Post by Alice Gerlach, DPhil student at the Centre for Criminology. Alice, whose doctoral research is jointly funded by the ESRC and HMIP, is exploring the effectiveness of immigration removal centres (IRCs) in preparing detainees for removal or release. Follow Alice on Twitter @AliceGerlach.

Passing time in Colnbrook IRC (Photo: S Turnbull)
British Immigration Removal Centre Rules, published by the Home Office, state quite clearly that removal centres should “encourage and assist detained persons to make the most productive use of their time, whilst respecting in particular their dignity and the right to individual expression.” While a quick review of the website for Yarl’s Wood, a centre for women and some families, reveals a wide range of activities, it's less clear whether these... would correlate to the desire for ‘most productive use of time’ suggested by the Home Office. Specifically, those advertised online are most definitely activities, such as access to a beautician for hair and nail services, rather than educational provision or work.

Last week the University of Oxford's Centre for Criminology hosted an academic symposium organised by the Prisoners’ Education Trust (PET). The aim was to bring together academics with policy makers and practitioners to discuss education research in prisons, how it can be improved, who should be doing it, and how can the research be better joined up with policy. The day was punctuated by thought-provoking presentations from former prisoners working as researchers, academics, PhD students, and policy makers. The line-up resulted in interesting discussion and positive ideas for the future of education in prisons.

Education in removal centres
 With my current interest in immigration detention, I couldn’t help but notice how far behind removal centres seem from prisons. Academic literature and reports from NGOs concerned with the welfare of individuals in detention depict few productive activities at all. In most accounts, people spend their days ‘killing time’ sleeping or watching television. To be clear, I'm not calling for education programmes the likes of which we have in prisons to be rolled out in removal centres. What's required is something different, tailored to the unique situation the residents here find themselves in. Helping them to prepare for removal or release, for instance, would be a logical initiative that remains unexplored in most centres.

We have some generous funders for prisoner education, such as the PET. Their existence is built on the rationale that prisoners will one day be released into the community, and so, it's beneficial for everyone involved that prisoners are helped to become upstanding, employable members of the community. Perhaps the reason we don't have equivalent funders for removal centres is because of the unfortunate reality that individuals in such places are theoretically en-route to another country. On this logic, what happens to the women and men in IRCs post-detention is considered the responsibility of their home nations. This reasoning is, however, inadequate. Why is the destination more important than detention? Prisons, after all, don't consider prisoners the sole responsibility of the local authority to which they will be eventually be released, but part of a shared collective. In any case, nearly half of the women and men in detention are actually released back in the British community each year, sometimes permanently, sometimes for years on end while they wait for the outcome of an asylum or other application. What this means is that around 14,000 individuals a year are released into the UK community having spent little to no time on productive activities during their stay in detention. To put this in perspective, it’s the equivalent of not providing any relevant education to around 16 per cent of all the prisoners released from prison over the period of a year.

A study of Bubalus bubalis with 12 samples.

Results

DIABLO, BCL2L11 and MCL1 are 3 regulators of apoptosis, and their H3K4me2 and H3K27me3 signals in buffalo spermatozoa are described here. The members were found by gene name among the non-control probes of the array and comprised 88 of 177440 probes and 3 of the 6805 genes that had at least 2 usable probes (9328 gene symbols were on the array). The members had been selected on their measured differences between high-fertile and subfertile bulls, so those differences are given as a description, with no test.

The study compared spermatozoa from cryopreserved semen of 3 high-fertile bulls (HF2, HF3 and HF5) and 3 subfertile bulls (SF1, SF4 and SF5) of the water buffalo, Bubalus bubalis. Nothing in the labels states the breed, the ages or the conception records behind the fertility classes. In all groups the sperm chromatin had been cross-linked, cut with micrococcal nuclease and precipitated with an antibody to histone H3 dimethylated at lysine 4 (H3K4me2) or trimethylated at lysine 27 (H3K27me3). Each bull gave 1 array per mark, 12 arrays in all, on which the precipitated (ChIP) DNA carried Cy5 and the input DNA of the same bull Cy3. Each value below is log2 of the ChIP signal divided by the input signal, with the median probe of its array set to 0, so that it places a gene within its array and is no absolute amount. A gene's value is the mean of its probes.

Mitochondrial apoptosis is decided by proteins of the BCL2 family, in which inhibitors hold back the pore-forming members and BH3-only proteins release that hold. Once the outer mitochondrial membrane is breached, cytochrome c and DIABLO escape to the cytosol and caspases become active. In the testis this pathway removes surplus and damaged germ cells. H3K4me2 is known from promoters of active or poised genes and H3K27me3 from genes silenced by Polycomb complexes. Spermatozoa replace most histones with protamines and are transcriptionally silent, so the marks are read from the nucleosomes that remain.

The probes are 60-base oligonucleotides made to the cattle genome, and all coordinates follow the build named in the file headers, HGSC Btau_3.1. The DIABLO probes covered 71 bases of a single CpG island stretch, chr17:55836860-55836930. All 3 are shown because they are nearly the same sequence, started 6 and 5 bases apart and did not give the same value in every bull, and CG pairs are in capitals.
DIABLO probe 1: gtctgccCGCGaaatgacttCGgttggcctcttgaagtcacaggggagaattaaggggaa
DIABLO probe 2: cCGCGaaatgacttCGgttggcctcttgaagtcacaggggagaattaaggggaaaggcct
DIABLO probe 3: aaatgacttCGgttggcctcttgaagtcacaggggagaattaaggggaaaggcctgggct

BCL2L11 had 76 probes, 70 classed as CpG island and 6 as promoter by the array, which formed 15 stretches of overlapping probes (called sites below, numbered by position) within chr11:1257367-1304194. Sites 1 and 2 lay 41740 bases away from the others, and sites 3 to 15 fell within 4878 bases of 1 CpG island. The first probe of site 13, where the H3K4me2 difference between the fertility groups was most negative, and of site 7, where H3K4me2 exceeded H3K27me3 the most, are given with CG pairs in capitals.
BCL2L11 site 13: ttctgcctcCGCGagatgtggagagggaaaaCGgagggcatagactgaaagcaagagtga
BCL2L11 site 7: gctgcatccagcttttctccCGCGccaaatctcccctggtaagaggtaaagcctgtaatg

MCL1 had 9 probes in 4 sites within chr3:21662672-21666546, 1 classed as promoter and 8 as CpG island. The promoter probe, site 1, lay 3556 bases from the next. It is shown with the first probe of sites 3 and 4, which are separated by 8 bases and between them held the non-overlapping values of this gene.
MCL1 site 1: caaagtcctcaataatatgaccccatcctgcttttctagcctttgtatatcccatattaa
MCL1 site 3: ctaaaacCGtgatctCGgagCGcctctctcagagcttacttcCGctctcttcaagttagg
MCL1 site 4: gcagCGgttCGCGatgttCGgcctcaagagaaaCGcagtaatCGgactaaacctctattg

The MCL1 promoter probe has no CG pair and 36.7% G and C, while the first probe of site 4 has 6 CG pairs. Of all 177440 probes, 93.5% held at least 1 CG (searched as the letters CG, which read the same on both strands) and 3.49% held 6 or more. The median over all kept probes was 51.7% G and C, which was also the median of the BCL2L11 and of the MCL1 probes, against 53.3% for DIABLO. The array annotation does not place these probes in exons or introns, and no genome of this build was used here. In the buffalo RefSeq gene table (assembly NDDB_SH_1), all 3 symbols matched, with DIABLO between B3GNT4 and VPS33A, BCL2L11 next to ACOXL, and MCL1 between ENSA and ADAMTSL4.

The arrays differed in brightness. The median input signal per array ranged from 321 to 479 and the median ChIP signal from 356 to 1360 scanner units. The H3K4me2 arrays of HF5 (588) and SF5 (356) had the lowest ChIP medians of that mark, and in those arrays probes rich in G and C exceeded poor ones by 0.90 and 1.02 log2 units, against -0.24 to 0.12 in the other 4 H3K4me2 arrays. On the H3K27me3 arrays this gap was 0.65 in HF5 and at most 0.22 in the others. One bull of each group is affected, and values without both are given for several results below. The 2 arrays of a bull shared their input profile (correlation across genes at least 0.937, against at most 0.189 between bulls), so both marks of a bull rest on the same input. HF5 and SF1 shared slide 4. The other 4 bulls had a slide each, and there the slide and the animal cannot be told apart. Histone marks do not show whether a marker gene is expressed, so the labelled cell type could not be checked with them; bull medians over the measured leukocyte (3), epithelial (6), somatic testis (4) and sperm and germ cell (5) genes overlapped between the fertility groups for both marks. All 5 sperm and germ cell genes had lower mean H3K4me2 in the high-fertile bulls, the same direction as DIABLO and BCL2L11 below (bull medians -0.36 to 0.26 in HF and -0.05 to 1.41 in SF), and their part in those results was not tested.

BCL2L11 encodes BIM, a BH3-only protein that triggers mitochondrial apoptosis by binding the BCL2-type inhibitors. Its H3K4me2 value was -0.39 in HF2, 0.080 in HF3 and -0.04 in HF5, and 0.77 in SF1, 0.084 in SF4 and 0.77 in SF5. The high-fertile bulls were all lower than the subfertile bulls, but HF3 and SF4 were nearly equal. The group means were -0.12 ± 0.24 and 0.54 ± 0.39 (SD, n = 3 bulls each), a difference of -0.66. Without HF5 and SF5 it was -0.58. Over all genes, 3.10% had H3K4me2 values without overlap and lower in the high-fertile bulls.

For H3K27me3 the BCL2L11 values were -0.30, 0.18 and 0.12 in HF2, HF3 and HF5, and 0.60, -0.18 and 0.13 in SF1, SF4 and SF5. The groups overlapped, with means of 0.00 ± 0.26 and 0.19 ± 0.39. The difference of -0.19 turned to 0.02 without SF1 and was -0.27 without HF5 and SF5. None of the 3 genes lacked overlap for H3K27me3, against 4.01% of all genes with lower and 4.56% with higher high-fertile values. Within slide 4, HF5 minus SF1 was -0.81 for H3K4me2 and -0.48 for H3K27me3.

The arts and crafts room at Campsfield House IRC (Photo: S Turnbull)
30,000 people a year pass through immigration detention in the UK. That we deport many of them to another country without preparing them for the difficulties they face there is morally questionable, especially when individuals have spent substantial amounts of time sitting unproductively in detention. That we release individuals into the UK without preparation is morally indefensible, and begs the question why we treat this group so differently from how we treat British citizens. Surely education is a right to which all are entitled. As my research progresses, I'll be uncovering more details about what programs are on offer, and their impacts. I'm particularly interested in staff and detainee views of the connections between such courses and dignity. In the meantime, building on the Oxford symposium, I hope that the Prisoners Education Trust, and others like them, might consider whether their work could be applied to those in detention.